Many of the early blooming shrubs at Shrub Source are newer varieties of old favorites. Flowering quince, lilacs, azaleas, and forsythias factor into many a childhood memory. These are some of the first shrubs to bloom after a long winter. They welcome spring, indoors as forced branches and outdoors when they burst into color. These shrubs have the flowers that serve as centerpieces for Mother’s Day celebrations and graduation parties.
If your garden doesn’t kick into gear until June, chances are good that you need a few early flowering shrubs to extend the season. Here are some of our favorites.
In warmer areas, Spice Ball Viburnum blooms as early as mid to late March. This is a specimen shrub to plant near your front door or back porch so that you can enjoy the wonderful scent of the flowers when it is in bloom.
Calycanthus is a lesser-grown shrub, but one that everyone should make some room for, if possible. Dark burgundy flowers appear in greatest numbers during the spring, but the shrub will sporadically re-bloom throughout the summer. When not in bloom, glossy green leaves serve as an excellent foundation, screening, or backdrop plant in the landscape.
A few of the early bloomers are excellent for forcing. You can cut branches from these shrubs in February and bring them inside to put on a spectacular floral display long before the snow melts outside.
Two of our favorites are forsythia and flowering quince.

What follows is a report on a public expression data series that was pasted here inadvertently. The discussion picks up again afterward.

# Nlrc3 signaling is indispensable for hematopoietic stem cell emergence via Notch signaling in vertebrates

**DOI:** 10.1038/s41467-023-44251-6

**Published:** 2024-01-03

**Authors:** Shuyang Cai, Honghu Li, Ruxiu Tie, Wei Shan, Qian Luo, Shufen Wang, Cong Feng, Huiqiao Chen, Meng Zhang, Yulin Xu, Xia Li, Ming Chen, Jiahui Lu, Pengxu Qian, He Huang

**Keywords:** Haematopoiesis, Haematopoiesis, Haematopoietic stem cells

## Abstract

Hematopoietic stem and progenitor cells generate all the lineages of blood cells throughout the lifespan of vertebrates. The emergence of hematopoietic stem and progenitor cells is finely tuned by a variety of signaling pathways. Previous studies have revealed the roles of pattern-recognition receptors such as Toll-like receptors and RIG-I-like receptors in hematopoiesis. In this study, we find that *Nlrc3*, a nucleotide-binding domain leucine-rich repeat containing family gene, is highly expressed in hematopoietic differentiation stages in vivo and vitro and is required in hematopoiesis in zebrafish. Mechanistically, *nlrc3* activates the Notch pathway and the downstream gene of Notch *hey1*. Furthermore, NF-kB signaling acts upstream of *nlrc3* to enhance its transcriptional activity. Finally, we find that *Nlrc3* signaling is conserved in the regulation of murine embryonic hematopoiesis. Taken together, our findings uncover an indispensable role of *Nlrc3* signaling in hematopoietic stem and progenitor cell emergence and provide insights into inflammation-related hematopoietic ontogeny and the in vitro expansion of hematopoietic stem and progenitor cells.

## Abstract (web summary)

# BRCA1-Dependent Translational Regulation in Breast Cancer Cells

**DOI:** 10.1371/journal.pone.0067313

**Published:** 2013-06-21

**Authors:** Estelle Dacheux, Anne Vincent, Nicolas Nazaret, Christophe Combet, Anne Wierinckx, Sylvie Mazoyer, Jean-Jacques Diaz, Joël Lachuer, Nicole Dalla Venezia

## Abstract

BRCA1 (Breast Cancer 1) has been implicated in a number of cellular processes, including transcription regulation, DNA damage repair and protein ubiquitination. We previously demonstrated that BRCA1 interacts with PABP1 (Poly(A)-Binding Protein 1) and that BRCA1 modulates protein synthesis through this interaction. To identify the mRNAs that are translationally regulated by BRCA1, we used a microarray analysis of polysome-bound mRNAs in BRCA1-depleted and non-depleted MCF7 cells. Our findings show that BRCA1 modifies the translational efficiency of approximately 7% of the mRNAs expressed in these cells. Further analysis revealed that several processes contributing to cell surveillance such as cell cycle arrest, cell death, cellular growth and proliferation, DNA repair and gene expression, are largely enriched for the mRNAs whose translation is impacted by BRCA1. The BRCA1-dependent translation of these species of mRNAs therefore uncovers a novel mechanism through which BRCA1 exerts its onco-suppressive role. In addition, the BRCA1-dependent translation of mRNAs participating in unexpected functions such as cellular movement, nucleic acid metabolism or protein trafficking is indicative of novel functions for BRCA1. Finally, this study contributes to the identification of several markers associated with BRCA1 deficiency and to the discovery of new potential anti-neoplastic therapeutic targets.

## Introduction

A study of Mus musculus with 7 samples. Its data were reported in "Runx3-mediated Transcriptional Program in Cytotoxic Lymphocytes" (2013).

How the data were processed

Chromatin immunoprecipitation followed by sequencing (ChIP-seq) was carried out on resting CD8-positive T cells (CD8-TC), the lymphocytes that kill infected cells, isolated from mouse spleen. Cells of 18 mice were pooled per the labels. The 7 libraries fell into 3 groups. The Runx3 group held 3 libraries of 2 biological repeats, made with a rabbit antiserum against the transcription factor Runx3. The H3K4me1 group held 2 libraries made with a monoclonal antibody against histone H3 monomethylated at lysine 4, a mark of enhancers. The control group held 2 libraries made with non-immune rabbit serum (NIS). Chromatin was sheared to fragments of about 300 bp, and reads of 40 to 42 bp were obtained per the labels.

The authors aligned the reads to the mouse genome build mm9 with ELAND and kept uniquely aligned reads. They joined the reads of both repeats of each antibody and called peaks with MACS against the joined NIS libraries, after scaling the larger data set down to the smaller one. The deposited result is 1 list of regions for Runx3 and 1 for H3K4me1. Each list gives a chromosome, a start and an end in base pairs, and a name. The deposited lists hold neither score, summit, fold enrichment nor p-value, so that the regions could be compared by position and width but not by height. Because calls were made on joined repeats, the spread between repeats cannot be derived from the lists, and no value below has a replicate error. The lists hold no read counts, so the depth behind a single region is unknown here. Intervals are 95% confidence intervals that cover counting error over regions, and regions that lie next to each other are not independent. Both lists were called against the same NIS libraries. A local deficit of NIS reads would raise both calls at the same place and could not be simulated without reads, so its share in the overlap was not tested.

Older varieties of forsythia were huge and rangy, but newer varieties, such as Show Off™ Starlet are more compact growers. This one is also absolutely covered in blooms each spring.
Double Take™ Pink Storm Flowering Quince always gets lots of appreciative glances when it shows off hundreds of rose-like blooms when everything else in the landscape is still deep in winter slumber. Plus, the Double Take™ series are thorn-less. It cannot get any better than this.
Don’t Forget Roses!
We are big fans of the Oso Easy™ roses for their, you guessed it, easy care attributes. These are some of the latest of the early bloomers, but they fill the gap nicely between extreme earlybirds such as forsythia and the summer blooming hydrangeas and crape myrtles. These roses will also re-bloom throughout the summer. For unusual color in the garden, plant Oso Easy™ Italian Ice (pictured, yellow center with pink blushing petals), Oso Easy™ Cherry Pie (bright pink single flowers), and Oso Easy™ Paprika—with bright orange blooms.
Most of these plants are fairly low-maintenance, but timing on what little maintenance that's required is crucial. Here are some tips to keep early-flowering shrubs looking great!
- Prune right after the plants are finished flowering in the spring. Early bloomers set flower buds for next year during the summer. If you prune them hard in late summer, you'll cut off all of the flowers. If you make no other change to your gardening habits, MAKE THIS CHANGE!
- Fertilize after blooming. Most of the spring flowering shrubs will push new growth immediately after flowering. (Pruning can make this new growth bushier and fuller.) Fertilize shrubs with the proper fertilizer at the same time that you prune. (Azaleas, rhododendrons, and hollies all benefit from Holly-tone or holly fertilizers.)
- Water shrubs after pruning. Whenever you do something that could stress a plant or require it to use more reserves than usual, it's a good idea to water it. (That is, unless you're having higher than usual rainfall.) So, after pruning and fertilizing, make sure to water!
Following these tips will help you keep your early bloomers looking gorgeous!